October 04, 2023

On Laudate Deum

Click here to see this statement in The Catholic Times.

Download a pdf of the statement by clicking here.

Bishop Earl K. Fernandes and the Diocese of Columbus warmly welcome the Holy Father's Apostolic Exhortation Laudate Deum, which follows his 2015 encyclical letter Laudato Si. All are invited to read and study the document as we continue to assume responsibility for our "common home." The Holy Father felt the urgent need to address environmental issues at this time, admitting that "our responses have not been adequate." (LD, 1) 

While many may perceive this exhortation as something political, revolving around the politics and science of climate change, it is much more than that. This is a moral issue. October is Respect Life Month. At the center of creation is the human person, made in God's image and likeness, but the person does not live in a vacuum. Citing the American bishops (cf. LD, 3; USCCB, Global Climate Change Background, 2019), Pope Francis states that "our care for one another and our care for the earth are intimately bound together." 

The theme for Respect Life Month in the United States is "Radical Solidarity." With this exhortation, the Holy Father invites us to radical solidarity with those who suffer from the deleterious effects of environmental change and disaster. He invites us to deeper conversion and to accept our responsibility instead of attempting to blame the poor or to blame the crisis on overpopulation (cf. LD, 9). 

Following the main lines of thinking of Laudato Si, the Holy Father places before us the challenges placed by an ever-growing technocratic paradigm, with an unlimited growth, without adequate ethical reflection. Technology, and its associated economic power (cf. 29-32), allow a select few to dominate others and to treat people and the rest of creation as things to be used rather than persons and creatures of God to be loved, warning that "Contrary to this technocratic paradigm, we say that the world that surrounds us is not an object of exploitation, unbridled use and unlimited ambition." (LD, 25)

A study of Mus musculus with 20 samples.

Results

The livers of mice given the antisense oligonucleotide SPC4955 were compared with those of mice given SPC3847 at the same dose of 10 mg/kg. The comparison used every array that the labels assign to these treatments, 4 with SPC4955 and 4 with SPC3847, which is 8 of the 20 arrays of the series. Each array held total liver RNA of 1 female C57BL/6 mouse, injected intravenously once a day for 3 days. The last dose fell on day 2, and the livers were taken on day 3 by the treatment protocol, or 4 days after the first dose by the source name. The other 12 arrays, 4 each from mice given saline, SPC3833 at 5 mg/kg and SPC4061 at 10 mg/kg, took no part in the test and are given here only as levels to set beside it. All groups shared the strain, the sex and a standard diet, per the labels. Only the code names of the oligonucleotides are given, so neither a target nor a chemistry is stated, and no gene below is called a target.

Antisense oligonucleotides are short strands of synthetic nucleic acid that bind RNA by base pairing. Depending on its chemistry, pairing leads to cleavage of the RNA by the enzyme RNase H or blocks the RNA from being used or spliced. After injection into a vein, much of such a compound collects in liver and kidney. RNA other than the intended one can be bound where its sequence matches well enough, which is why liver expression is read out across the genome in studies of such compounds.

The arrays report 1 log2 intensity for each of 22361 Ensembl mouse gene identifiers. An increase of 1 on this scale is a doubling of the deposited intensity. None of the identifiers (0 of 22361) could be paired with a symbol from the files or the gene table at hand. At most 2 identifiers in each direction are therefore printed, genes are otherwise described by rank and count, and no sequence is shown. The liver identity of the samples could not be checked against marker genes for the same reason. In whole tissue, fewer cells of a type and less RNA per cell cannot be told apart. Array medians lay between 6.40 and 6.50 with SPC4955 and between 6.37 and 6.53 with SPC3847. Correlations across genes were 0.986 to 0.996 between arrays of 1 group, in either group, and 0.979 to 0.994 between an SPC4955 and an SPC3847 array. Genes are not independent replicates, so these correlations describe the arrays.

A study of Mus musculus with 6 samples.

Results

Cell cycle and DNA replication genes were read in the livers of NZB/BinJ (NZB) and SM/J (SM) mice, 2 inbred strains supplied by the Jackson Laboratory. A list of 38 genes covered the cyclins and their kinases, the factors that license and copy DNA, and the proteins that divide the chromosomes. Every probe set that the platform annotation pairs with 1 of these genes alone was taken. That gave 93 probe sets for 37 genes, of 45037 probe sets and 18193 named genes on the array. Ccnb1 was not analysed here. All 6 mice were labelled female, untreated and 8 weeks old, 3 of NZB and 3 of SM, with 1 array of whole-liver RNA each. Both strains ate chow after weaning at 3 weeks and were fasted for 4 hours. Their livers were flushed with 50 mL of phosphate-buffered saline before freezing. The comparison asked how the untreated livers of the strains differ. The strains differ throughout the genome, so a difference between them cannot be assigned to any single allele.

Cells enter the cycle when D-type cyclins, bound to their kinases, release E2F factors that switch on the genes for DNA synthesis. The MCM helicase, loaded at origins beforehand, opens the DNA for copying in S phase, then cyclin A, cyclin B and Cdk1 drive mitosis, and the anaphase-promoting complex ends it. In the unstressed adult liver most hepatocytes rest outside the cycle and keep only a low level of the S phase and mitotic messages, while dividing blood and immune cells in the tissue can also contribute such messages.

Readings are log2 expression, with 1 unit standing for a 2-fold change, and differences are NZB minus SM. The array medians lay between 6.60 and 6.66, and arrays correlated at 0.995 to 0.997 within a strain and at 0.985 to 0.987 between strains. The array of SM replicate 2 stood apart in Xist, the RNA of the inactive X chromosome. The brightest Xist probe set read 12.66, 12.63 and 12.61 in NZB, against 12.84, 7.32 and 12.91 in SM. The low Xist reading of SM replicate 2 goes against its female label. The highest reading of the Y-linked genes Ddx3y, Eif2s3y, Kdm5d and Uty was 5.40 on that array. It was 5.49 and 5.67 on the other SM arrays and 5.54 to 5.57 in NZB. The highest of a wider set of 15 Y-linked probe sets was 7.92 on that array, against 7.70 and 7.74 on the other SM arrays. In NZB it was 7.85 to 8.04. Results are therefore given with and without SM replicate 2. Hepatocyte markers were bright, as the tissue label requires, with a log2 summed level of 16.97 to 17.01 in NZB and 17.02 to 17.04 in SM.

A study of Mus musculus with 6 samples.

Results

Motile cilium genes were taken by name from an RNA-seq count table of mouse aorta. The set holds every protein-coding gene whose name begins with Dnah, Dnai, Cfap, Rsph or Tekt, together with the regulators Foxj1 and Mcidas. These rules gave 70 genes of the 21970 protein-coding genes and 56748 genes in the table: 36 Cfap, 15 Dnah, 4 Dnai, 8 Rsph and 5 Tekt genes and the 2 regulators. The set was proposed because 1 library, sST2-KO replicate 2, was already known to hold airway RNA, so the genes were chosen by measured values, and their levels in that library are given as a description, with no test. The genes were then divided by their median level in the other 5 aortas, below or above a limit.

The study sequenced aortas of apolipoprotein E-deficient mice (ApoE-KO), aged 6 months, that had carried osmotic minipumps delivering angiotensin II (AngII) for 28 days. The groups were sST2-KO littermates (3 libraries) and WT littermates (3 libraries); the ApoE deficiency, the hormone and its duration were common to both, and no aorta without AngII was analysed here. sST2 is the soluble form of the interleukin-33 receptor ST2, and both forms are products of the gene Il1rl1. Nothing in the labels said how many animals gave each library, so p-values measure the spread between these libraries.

If we continue to treat creation as something to be used and discarded, why should we be surprised that children in the womb, disabled, and elderly people are also discarded? Why should we be surprised by the violence on our streets? Pope Francis highlights the human person, writing, "Human beings must be recognized as a part of nature. Human life, intelligence and freedom are elements of the nature that enriches our planet, part of its internal workings and its equilibrium." (LD, 26) 

What is needed now more than ever is an integral human ecology, which accounts for the role of the person in his or her environment. The exhortation itself places fundamental questions before us: "What is the meaning of my life? What is the meaning of my time on this earth? And what is the ultimate meaning of all my work and effort?" (LD, 33) 

While acknowledging that Climate Change Conferences have not yielded adequate results and while remaining hopeful for the Conference of Parties 2028 in Dubai, the Holy Father sees this time as critical for our planet and for all of us. On this Feast Day of Saint Francis of Assisi, as Catholics, we must recognize the beauty of creation and the God who created all things if we are to have a future together in our common home. Creation reveals the One who made all things. The Eternal Father, who saw all He had made and declared it good, sent His Son to be born into this world and to be the Redeemer of all creation. 

As disciples of this Son, Jesus, let us assume our responsibility, even by small actions such as reducing pollution and waste, consuming with prudence, fasting, and prayer, to help create a "new culture" (LD, 71) in which every life and every creature in our common home is valued, cherished and loved, and, in doing so, show our love for God, crying out with Francis of Assisi, “Laudate Deum.”